Dieter Rams once described his design approach with the phrase “Weniger, aber besser.” which translates to “Less, but better.”
It’s a simple philosophy we need to remind ourselves of.
We’re really happy with the filing cabinets we found by Jean Nouvel at the Queen West Antique Market. They were $150 each, and couldn’t have fit into the office any better.
If you’re saying, “Oh! I wish I would’ve known about those cabinets!” Well, then you really should consider adding us to your Twitter! One of our followers did nab one after we posted a quickie photo.
“A complete modular system built with simple, linear, clean-lined elements. Functional. Forms pared down to pure sign. Essential volumes that design the contemporary office space. Noiseless, disembodied presences that define with rigourous simplicity a sober, rational, authoritative…rhetoric-free work environment. A cityscape delineated by slender architectonic structures.”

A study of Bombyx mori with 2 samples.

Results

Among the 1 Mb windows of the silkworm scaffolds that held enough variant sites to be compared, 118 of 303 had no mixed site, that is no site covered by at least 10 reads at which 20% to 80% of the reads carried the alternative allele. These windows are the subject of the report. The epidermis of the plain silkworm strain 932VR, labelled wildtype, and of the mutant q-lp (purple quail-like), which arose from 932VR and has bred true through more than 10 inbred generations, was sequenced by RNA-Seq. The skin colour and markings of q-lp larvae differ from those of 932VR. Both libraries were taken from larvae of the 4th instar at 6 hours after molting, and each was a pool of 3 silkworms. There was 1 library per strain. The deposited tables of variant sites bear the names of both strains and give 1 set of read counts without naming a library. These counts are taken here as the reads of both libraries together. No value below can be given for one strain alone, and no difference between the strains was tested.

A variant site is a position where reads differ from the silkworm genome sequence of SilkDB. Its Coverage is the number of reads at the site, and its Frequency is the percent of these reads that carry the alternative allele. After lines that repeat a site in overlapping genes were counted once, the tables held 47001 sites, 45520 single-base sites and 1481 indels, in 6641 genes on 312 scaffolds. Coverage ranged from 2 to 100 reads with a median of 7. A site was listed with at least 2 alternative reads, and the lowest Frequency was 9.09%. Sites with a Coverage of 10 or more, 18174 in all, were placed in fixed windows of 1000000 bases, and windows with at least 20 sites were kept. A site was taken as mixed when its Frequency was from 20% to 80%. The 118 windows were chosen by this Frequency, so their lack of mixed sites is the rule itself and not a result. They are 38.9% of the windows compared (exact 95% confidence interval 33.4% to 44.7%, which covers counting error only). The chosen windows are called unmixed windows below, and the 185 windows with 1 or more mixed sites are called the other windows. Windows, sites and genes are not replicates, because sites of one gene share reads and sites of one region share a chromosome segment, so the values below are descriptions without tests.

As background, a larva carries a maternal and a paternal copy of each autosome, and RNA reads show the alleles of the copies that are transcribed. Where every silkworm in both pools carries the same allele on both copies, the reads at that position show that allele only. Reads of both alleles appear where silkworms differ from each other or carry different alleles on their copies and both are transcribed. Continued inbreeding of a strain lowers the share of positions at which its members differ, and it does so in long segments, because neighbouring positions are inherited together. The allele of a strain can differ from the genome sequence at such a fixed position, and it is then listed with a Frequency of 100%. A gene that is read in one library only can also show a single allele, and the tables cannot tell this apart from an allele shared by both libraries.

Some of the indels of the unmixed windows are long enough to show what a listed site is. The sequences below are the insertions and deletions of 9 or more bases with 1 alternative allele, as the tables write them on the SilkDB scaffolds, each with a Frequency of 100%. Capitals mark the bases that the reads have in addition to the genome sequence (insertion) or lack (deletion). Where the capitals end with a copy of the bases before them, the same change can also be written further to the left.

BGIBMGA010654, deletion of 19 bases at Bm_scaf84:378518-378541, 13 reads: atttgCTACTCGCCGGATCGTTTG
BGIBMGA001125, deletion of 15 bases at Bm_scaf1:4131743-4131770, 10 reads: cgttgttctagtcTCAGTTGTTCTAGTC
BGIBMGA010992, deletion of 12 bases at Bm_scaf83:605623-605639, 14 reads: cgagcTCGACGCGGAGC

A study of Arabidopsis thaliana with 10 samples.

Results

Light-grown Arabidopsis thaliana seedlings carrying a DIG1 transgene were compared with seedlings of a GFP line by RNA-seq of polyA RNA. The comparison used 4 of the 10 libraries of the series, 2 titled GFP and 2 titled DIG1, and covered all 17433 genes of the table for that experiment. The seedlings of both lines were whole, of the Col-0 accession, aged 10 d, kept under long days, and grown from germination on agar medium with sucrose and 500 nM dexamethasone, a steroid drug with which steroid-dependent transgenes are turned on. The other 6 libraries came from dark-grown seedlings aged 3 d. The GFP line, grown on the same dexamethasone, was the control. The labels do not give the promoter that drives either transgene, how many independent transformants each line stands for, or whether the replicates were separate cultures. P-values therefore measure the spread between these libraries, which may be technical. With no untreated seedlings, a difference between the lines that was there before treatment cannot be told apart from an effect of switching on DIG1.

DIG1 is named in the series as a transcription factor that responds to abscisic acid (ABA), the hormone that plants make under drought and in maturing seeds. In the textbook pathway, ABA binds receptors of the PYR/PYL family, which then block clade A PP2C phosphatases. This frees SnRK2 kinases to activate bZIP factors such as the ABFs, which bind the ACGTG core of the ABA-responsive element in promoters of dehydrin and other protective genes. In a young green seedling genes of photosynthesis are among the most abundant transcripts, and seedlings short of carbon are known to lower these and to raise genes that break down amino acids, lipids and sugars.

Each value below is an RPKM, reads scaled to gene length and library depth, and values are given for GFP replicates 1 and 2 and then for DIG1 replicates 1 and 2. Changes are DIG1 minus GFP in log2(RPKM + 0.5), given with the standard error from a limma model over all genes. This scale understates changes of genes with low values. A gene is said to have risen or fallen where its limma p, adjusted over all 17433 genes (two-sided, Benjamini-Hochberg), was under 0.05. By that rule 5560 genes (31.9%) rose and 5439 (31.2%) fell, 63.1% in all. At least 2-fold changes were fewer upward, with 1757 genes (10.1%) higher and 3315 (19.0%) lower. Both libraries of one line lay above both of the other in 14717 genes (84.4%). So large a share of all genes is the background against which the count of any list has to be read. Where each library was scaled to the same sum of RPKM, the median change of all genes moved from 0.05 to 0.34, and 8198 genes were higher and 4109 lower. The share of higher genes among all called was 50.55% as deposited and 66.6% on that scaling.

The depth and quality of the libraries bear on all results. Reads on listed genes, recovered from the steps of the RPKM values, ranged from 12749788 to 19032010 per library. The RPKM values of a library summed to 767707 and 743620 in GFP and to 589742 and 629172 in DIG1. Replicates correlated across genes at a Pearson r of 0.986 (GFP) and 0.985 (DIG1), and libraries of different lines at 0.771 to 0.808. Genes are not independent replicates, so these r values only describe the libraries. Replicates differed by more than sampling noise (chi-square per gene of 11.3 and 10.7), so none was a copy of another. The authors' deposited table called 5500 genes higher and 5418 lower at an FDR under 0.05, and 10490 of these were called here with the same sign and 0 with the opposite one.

I like words like “sober” and “authoritative” when describing our office furniture.
I ordered a Naoto Fukasawa cd player for the office. We even got out our old CDs from storage to listen to while we’re working away.
The CD player follows Naoto Fukasawa’s ethos of design “without thought”. The simple CD player whose form mimics a ventilation fan as it spins its exposed compact disc. Distilled into its most minimal form, the CD player works for people without vision since the player consists of a single speaker, no cover, a vertical power cord, and no digital displays. And yes, it actually sounds good!
It’s great that it’s looking a lot more polished, but there is still a lot of things to do!